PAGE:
Bogota, Colombia (CNN) -- Colombian forces killed 35 leftist guerrillas in an offensive Monday, authorities said, striking the group for the second time in as many weeks.
Three other rebels from the Revolutionary Armed Forces of Colombia were captured in the early morning operation in the central Colombian department of Meta, President Juan Manuel Santos said.
Colombian Defense Minister Juan Carlos Pinzon told CNN affiliate Caracol TV that the operation was continuing Monday.
The Revolutionary Armed Forces of Colombia, known as the FARC, has been at war with the Colombian government since the 1960s. While severely weakened in recent years, the guerrilla group has continued to carry out kidnappings and attack security forces.
Last week, Pinzon said a joint military-police operation near the Venezuelan border led to the killing of 36 suspected rebels and the capture of five others, including a top leader of one faction of the rebel group.
"What does this demonstrate?" Santos said Monday, according to a copy of his remarks published on the presidency's official website. "The Armed Forces are continuing their offensive, and they are not going to stop. They are going to continue. They are going to persevere."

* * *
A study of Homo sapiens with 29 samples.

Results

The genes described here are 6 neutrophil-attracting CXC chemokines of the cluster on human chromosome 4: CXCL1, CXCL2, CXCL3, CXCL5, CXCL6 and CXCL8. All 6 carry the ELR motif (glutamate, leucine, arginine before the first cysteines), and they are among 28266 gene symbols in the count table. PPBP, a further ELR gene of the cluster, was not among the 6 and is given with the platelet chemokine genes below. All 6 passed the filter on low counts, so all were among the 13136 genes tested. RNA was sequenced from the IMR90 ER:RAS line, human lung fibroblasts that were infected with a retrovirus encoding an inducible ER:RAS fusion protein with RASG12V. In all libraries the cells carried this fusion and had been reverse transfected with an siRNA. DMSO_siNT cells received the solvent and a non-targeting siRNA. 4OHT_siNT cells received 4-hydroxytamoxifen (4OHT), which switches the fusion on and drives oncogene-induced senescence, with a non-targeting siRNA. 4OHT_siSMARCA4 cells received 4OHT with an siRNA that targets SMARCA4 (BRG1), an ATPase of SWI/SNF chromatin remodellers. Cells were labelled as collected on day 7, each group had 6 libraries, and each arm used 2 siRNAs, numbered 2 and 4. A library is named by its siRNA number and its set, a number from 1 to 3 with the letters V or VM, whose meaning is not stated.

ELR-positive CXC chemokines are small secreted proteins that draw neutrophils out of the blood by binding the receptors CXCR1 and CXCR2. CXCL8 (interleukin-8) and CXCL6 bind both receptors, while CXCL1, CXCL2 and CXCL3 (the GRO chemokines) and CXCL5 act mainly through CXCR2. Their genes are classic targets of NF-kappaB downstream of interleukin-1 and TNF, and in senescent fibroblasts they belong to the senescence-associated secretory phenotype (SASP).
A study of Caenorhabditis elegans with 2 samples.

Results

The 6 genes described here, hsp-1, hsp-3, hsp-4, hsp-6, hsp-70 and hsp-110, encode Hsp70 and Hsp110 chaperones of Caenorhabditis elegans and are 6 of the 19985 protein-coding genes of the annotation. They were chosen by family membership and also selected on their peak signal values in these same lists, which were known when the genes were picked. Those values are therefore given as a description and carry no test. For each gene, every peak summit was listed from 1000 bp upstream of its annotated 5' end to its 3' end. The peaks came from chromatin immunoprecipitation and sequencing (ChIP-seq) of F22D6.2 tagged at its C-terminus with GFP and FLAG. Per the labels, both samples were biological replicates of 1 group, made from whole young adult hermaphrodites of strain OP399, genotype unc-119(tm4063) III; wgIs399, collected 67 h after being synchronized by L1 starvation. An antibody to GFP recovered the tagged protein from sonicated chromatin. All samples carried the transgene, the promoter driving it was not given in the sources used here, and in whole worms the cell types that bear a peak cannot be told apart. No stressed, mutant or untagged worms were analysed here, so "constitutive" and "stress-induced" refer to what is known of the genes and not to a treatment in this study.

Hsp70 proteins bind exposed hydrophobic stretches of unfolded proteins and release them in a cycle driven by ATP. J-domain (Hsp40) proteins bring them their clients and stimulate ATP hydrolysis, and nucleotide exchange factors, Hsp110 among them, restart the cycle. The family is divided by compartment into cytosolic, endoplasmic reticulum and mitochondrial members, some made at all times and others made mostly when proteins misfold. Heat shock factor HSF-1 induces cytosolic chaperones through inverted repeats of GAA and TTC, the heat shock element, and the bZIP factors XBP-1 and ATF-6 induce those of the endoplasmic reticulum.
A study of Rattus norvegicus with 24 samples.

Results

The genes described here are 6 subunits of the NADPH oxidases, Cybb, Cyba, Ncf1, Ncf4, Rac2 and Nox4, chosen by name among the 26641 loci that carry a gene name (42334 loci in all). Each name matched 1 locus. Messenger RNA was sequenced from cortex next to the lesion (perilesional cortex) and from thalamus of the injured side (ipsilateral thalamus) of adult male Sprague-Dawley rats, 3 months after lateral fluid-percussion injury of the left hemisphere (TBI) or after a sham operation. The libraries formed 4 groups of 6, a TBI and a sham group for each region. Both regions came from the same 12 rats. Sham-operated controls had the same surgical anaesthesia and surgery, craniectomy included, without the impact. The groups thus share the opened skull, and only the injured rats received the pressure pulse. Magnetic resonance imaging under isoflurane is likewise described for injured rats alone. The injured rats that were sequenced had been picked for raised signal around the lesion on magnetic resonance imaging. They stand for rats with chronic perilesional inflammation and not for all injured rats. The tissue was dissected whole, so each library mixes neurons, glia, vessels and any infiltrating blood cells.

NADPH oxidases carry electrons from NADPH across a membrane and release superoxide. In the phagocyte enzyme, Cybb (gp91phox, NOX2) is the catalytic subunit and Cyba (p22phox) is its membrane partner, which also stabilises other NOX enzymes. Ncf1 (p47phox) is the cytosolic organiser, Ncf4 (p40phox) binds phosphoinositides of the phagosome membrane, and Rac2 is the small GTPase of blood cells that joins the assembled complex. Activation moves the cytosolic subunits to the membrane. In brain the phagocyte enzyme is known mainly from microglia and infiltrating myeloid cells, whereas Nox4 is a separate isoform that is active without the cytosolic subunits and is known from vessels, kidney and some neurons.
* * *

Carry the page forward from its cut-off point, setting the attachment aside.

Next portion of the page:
The president put the death toll of last week's operation at 33. It was not immediately clear why his figure was lower than Pinzon's.
Word of Monday's operation comes at a delicate time, within days of a negotiated hostage handover.
Mediators have said the FARC is on the verge of releasing its remaining 10 government hostages.
But the handover has been rescheduled several times, and specific details have not been released to the public.
Pinzon told Caracol on Monday that the government remains "fully committed" to securing the hostages' release.
"These people have been held hostage more than 12 years. It is senseless torture. It is time for us to give them that opportunity to be with their loved ones," he said.
Journalist Fernando Ramos contributed to this report.